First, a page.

EDITORIALS

Ill health

Lucas County continues to languish in the bottom quarter of Ohio counties in overall rankings of public health, mostly because of poverty and other socioeconomic factors.

For the second consecutive year, Lucas County ranked 68th among the state’s 88 counties, the same as in 2013, according to a new report by the Robert Wood Johnson Foundation and the University of Wisconsin Population Health Institute.

For our region to experience significant health gains, a communitywide effort to improve social conditions is imperative. Public health is about more than health care — it’s also about education, jobs, and social support.

The county rankings examine a broad range of factors that affect community health, including air pollution levels, income, obesity, excessive drinking, teen births rates, drinking-water quality, housing, and commuting distances.

A deeper look at the statistics shows that Lucas County ranked 85th — just fourth from the bottom — in social and economic factors such as unemployment, children in single-parent households, violent crime, unemployment, and children living in poverty.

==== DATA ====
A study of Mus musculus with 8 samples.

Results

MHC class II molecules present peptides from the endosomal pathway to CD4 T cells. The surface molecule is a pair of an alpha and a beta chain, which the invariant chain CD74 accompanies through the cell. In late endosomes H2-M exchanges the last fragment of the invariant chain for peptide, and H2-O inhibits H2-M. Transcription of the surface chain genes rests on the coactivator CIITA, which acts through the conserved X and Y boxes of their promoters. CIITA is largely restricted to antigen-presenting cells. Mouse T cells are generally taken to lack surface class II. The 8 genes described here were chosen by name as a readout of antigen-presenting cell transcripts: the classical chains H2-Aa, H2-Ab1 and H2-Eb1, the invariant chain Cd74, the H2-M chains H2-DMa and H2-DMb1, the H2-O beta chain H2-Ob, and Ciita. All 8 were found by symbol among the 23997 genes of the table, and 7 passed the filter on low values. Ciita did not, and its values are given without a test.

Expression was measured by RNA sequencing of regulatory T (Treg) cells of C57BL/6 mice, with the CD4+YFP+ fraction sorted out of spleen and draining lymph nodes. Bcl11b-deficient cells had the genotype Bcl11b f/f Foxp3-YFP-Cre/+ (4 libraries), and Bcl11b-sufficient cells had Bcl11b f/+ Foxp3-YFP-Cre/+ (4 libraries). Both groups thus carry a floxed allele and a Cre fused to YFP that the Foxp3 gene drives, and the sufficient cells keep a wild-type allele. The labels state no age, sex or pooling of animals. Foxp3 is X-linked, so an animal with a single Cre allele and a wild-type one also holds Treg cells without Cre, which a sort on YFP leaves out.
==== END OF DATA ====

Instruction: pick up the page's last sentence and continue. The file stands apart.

Compared to the rest of Ohio and the nation, Lucas County has fallen farther behind in its rates of unemployment and child poverty. The numbers reinforce findings that significant gaps in wellness are driven by economics, and that such nonhealth factors largely contribute to how long and how well we live.

These abysmal rankings should spark local conversations about not only how to provide better access to health care, but also how to address specific underlying issues that affect health, such as education and income.

It is everyone’s responsibility to help reduce the burdens on the area health-care system. Resources need to be available, and individual physical habits need to improve.

The study shows that Lucas County is surpassing Ohio and the nation in rates of adult obesity, sexually transmitted infections, a lack of diabetic and mammography screenings, and people without health insurance.

Still, better health begins with a stable foundation. Systemic changes will enable individuals to make better choices about their well-being. As it stands, we have little to boast about.